Change Is Inevitable
… but I don’t have to like it.
As many of you know, I have been involved in local community activism for some time now. What started with a curiosity about the plans to build the 710 Freeway tunnel back in 2009, it developed into a full commitment to fight for the Crescenta Valley to try to keep it the way it is. Even as a young child growing up in Sunland, I knew where I lived was special and I never wanted to see it change. Now as an adult and parent living in La Crescenta, I see the true value of the foothill communities and the need to preserve our lifestyle for future generations.
I often reminisce about my early life and the freedom we had to explore and just be kids. I remember we rode our bikes to Hober’s Pharmacy to buy penny candy or to the record store by Sunland Park to pick up the newest 45 or music poster. We stopped at Peppy’s pet shop to see the puppies then popped over to Jessup’s Dairy for popsicles. Sometimes at night we would pile in the back of one of the neighbor family’s station wagons and go to Edward’s Drive-in. Before the movie, we would swing on the swings below the big screen then make a mad dash to our cars in our pajamas when the lights flashed, signaling the show was ready to begin. That property became a K-Mart in 1977 and nothing else after K-Mart closed. The empty lot is a sad reminder of what once was. Ultimately, we lost the other businesses, too.
I understand that the growth of a community will mean there is ebb and flow in how things look and feel. Businesses will change and new houses will spring up but I had always hoped that the single-storied buildings on Foothill Boulevard would be the norm and housing growth wouldn’t happen too quickly.
My first experience with stark change came when a very large housing development was built at the top of Cardamine Court above Wentworth Street in Tujunga. You could see it from every view in south Sunland. It looked as if they carved out the mountain and took all the trees. I was aghast that my beautiful mountain view had changed forever. You can still see it prominently perched below the Camel’s Back ridgeline from the 210 Freeway.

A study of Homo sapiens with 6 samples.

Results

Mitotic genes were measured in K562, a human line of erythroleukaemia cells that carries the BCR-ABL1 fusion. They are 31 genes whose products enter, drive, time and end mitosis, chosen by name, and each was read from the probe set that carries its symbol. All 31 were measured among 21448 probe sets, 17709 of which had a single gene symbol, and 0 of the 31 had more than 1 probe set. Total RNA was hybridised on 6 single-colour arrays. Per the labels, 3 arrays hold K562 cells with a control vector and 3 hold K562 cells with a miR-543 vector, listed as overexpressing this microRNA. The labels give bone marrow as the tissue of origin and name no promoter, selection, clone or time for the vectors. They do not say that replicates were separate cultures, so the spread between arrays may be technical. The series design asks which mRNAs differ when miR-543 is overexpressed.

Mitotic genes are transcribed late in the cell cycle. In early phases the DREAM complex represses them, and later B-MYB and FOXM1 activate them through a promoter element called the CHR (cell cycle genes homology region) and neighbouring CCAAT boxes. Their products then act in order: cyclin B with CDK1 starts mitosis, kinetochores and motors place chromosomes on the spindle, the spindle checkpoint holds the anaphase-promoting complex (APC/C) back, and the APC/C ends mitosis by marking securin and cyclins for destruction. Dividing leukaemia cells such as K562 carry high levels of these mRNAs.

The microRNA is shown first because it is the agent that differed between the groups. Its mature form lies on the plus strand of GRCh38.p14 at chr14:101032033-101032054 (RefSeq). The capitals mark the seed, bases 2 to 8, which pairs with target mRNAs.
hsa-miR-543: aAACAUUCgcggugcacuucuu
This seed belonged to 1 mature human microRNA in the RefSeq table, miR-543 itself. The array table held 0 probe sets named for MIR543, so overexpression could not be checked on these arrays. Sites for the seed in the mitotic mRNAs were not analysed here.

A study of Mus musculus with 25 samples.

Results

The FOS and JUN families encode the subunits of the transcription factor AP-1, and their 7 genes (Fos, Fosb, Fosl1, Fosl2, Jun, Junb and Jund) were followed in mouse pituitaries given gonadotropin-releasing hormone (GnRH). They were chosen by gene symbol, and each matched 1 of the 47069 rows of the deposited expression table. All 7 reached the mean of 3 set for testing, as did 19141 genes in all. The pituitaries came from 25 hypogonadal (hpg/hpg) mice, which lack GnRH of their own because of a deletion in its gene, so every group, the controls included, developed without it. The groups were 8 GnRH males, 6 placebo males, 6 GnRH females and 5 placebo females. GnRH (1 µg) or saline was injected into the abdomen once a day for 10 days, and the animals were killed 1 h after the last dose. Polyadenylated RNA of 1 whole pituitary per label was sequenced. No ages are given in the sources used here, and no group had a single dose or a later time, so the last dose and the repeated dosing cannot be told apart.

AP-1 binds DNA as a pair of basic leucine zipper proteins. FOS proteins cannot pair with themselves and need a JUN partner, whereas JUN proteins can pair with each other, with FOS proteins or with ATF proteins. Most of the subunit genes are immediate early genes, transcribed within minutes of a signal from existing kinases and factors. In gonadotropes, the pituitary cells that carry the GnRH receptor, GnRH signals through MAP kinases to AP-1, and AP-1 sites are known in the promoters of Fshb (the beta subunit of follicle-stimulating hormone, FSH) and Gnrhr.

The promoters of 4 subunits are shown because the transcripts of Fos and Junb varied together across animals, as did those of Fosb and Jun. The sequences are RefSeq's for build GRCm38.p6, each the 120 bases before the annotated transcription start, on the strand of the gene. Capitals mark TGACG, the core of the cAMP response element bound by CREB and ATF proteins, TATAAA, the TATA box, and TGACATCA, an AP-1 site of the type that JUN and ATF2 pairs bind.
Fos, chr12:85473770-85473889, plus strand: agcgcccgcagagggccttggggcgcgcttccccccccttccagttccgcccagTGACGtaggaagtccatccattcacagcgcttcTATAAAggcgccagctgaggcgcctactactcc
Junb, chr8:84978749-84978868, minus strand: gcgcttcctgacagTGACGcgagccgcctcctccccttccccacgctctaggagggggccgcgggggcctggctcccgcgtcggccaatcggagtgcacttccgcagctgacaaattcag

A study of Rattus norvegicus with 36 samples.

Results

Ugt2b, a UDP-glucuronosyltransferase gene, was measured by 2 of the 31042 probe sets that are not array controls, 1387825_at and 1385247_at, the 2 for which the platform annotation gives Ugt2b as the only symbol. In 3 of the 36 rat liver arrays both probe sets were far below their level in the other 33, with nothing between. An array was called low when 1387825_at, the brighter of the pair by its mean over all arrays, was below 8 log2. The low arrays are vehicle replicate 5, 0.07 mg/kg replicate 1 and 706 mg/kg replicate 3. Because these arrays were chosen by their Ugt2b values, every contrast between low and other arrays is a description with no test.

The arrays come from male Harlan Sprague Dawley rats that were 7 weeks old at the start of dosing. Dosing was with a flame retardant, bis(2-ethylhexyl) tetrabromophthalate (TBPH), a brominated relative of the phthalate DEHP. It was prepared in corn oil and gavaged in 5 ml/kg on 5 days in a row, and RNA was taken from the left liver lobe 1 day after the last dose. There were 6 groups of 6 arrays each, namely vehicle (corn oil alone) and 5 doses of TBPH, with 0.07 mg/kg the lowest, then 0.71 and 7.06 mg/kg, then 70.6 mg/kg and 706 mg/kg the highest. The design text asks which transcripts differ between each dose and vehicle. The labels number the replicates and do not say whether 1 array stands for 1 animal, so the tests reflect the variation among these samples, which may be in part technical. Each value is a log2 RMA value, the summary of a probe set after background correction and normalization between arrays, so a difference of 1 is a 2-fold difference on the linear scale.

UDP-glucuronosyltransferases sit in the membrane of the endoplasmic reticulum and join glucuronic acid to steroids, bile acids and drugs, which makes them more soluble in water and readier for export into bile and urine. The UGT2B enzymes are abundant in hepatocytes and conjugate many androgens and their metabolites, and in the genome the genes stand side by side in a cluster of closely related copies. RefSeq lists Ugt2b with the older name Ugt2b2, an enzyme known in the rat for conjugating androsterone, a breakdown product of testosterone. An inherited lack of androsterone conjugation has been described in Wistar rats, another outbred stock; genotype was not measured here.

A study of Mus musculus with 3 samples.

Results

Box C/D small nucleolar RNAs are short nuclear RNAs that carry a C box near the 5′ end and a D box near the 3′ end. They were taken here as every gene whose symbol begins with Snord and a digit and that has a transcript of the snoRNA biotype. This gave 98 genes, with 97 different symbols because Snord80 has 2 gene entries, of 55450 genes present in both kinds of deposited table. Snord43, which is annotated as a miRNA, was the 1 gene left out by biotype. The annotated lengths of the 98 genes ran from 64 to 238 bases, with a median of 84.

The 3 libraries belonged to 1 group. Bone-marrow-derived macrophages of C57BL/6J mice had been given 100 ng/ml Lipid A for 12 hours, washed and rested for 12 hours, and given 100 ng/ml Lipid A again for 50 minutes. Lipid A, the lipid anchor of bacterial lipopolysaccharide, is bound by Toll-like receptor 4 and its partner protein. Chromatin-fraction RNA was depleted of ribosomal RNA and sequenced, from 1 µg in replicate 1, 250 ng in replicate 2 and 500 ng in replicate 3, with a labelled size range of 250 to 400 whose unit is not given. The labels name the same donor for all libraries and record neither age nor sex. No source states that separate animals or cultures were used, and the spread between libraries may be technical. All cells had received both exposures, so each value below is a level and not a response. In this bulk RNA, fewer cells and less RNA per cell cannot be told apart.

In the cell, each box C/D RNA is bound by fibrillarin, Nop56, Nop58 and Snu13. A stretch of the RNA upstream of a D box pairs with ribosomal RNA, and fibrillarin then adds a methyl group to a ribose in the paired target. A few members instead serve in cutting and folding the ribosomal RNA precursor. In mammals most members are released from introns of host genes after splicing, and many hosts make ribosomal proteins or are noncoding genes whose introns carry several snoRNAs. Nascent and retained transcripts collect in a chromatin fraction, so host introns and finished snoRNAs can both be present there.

It seems that today every entity within our state is pushing for large-scale change. Housing legislation and mandates are calling for more units on single-family lots or multi-family buildings that are taller and denser with less parking, concentrated in areas where our businesses used to thrive. It is now common to see housing proposals for Foothill Boulevard include up to five stories where one to two stories have reigned for the last 100 years. If this keeps up, I fear the Crescenta Valley will look like downtown Glendale with no mountain views at all.
We used to be able to point to our local community plans to keep growth in check and remind planners of the rural-suburban lifestyle that we all want; but lately we are being dismissed. Big and boxy has become the norm and “compatible” is but a dream. Often the state laws supersede local zoning restrictions, leaving the municipalities throwing up their hands in compliance instead of fighting back. Just this week, the City of Glendale introduced its scheme to make sweeping changes to multi-family projects based on feedback from developers and architects, not resident stakeholders. They plan to increase “by right” building heights, decrease setbacks and open space, and increase appeal fees for anyone opposing a project. They call them “objective design standards,” which they explained will make it easier for builders. I say, city planners should remember who they work for and do a better job of protecting our communities from rapid overbuild.